One of the chief ports of medieval England, Southampton preserves a wealth of medieval domestic architecture. Its flourishing Dark Age predecessor was abandoned in favor of the present site in the tenth century, and excavations have shown that this new town had earth and timber defenses from the beginning, no doubt as a defense against the Danes.
Over a mile in length, the walled circuit enclosed a roughly rectangular area. It had numerous bastions, mostly semi-circular, and larger towers ar the angles. Today, only the wall survives, along with parts of the north wall and a length near the southeast corner of the circuit. A tour of the wall may conveniently begin at the Bargate, the northern entrance to the old town and a very imposing one. The machicolated front is an early fifteenth century addition.
Behind it are twin half-round towers a century or so older, while the gate passage retains a Norman archway from an older structure. In contrast with the fortress-like outer face, the side facing the town has large windows lighting the story above the gate. This spacious chamber served as the guildhall in medieval times and later civic uses saved the gatehouse from demolition in later centuries. It was a major obstruction to traffic until the construction of a bypass in the 1930s, which relieved the problem but resulted in the destruction of the stretches of town wall on either side.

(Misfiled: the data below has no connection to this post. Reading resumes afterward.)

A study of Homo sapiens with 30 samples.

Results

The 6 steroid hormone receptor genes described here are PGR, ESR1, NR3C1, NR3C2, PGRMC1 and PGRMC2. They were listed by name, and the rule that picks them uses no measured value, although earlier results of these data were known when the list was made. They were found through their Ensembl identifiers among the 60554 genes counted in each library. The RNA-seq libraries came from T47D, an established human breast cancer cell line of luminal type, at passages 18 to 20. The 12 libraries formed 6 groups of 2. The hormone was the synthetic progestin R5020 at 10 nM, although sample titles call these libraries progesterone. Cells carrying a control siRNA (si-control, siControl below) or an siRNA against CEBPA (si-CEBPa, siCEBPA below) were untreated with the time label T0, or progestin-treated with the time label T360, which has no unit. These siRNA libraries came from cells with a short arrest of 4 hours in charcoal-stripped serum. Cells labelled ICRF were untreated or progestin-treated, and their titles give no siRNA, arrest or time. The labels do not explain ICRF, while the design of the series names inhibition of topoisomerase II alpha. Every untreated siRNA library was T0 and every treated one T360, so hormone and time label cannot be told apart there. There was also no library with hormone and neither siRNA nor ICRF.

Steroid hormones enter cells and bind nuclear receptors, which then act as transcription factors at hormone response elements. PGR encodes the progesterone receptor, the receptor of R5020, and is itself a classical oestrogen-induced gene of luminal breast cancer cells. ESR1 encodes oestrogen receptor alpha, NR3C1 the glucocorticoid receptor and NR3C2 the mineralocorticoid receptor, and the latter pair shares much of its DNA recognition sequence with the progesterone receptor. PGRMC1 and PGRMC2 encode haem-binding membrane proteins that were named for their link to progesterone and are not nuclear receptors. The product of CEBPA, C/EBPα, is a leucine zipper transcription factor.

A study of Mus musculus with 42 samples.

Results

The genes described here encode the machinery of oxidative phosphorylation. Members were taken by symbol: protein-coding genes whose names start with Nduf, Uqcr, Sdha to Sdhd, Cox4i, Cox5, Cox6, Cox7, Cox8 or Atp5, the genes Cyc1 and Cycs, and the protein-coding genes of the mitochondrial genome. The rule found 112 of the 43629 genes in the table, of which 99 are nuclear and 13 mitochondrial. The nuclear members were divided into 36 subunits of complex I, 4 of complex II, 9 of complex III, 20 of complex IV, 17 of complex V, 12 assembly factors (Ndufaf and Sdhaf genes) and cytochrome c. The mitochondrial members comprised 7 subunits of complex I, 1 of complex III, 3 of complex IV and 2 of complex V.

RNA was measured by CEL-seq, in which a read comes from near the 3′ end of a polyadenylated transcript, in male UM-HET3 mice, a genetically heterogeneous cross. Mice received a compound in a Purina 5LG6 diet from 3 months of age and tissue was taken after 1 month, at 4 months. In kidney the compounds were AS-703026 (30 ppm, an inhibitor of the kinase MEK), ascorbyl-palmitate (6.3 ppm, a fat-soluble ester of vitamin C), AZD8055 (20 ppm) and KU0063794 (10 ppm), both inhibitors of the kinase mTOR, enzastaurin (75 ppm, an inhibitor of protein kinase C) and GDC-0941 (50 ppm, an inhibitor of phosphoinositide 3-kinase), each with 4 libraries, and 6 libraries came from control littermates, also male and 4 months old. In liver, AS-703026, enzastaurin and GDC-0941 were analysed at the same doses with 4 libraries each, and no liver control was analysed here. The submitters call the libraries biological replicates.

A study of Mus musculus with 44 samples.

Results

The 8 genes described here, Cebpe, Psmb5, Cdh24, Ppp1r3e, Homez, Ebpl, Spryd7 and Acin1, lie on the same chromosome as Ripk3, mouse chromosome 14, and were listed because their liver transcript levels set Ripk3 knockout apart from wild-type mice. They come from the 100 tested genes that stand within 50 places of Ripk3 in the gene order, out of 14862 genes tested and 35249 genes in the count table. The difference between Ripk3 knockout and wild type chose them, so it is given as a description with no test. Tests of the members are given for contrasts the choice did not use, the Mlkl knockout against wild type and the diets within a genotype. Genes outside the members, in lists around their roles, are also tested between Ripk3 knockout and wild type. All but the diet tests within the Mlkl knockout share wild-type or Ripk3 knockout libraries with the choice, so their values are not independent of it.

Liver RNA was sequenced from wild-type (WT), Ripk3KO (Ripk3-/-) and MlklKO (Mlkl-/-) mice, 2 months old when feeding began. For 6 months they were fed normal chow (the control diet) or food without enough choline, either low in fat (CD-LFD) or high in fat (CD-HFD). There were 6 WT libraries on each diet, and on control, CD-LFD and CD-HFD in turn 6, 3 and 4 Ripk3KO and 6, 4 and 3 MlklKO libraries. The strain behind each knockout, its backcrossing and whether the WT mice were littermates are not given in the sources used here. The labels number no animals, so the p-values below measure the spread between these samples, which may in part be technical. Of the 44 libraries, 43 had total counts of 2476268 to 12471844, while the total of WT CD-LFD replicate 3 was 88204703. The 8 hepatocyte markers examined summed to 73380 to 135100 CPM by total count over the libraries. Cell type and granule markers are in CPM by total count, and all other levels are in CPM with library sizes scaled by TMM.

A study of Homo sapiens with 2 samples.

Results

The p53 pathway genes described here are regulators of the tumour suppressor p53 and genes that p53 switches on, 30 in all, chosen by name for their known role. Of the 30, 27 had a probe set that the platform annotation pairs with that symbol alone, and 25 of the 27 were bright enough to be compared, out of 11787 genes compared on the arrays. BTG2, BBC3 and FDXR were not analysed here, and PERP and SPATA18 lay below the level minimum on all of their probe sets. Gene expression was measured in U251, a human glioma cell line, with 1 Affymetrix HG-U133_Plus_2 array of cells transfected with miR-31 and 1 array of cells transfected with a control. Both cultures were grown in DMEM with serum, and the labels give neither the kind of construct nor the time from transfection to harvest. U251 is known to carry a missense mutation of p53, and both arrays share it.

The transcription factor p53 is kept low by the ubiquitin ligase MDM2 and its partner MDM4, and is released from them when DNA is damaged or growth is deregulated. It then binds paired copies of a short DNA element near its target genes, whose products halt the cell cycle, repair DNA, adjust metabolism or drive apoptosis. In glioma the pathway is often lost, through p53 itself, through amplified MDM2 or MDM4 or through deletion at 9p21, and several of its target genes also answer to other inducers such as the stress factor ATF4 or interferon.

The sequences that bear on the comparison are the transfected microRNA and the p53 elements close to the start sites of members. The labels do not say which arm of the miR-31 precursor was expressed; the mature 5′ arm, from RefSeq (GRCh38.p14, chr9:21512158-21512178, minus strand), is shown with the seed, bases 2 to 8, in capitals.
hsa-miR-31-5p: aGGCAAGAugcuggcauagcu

Beyond the Bargate, the wall leads west to the circular Arundel Tower, then soutward to the old quay. Shortly a kink in the circuit denotes the junction with the older castle wall. Southampton Castle was a royal stronghold first mentioned in the 1189s. Richard I and John rebuilt it in stone. The west curtain survives as the town wall, with a postern leading into a cellar from the castle’s domestic buildings.